Florida suspect who shot Black man in the head with arrow faces hate crime charge in Okaloosa

Tom McLaughlin
Northwest Florida Daily News

SHALIMAR — Matthew Ross Peters had decided to kill Benny Davis when he shot him Saturday with a crossbow, and his decision was based on a racial prejudice he harbored, according to officials.

RELATED: FWB bicyclist shot in head with arrow from crossbow; suspect in custody

Those findings, uncovered in the Fort Walton Beach Police Department’s investigation of the shooting, prompted the First Judicial Circuit State Attorney’s Office Wednesday to bolster its charges against Peters.

RELATED: FWB man shot in head with arrow feels ‘blessed’ by support

He now faces a charge of attempted first degree premeditated murder with a weapon, and his actions have been determined to qualify as a hate crime, according to Bill Bishop, the chief assistant state attorney for Okaloosa County.

Davis was on his way home from work shortly after 11 p.m. Saturday when he apparently inadvertently crossed paths with Peters at a Circle K store on U.S. Highway 98 near First Street.

An arrest report states Peters left the store in a pick up truck “within seconds” of Davis departing on his bicycle.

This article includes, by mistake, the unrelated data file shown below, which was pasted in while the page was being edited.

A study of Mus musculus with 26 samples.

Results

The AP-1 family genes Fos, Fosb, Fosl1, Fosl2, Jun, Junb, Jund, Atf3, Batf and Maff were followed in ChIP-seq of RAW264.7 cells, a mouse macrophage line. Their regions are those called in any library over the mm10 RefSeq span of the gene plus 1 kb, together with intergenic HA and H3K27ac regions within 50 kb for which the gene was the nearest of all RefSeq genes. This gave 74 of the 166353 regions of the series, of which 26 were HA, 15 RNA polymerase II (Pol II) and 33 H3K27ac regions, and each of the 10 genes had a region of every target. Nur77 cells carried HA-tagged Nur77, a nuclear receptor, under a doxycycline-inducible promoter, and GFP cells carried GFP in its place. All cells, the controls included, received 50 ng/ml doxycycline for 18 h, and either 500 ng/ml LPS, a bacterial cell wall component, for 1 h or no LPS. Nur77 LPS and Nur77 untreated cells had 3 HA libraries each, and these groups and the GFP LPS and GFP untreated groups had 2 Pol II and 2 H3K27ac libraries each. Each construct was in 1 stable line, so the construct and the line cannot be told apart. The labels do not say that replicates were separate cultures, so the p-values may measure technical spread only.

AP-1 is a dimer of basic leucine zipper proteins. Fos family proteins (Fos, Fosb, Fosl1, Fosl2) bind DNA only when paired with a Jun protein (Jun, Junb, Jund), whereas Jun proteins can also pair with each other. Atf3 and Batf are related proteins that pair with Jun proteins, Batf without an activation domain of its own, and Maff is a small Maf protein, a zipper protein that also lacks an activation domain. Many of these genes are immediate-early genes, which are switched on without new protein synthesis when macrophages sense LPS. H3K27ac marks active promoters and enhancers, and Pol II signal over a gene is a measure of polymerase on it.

Davis would later tell authorities that a pickup stopped as he pulled his bike to the side of the road to let it pass and the driver had fired at him with a crossbow.

The dart from the crossbow struck Davis in the head, causing significant injury determined not to be life threatening.

Arrested several hours later with a crossbow in his possession, Peters was originally charged with aggravated battery, a second degree felony that can result in a maximum penalty of 15 years in prison, according to Bishop.

The attempted murder charge carries a life sentence upon conviction, he said.

“The Fort Walton Beach Police Department continued its investigation since the arrest of Mr. Peters,” Bishop said. “Further information and evidence developed do make it appropriate to charge the case in the manner we have.”

Bishop said he could not divulge the investigative findings that led to the charges being upgraded, but he did say officers have determined Peters was acting with “a premeditated intent to kill” and “with racial prejudice.”

Peters also still also faces a charge of throwing a deadly missile from within an occupied vehicle with two drug-related charges.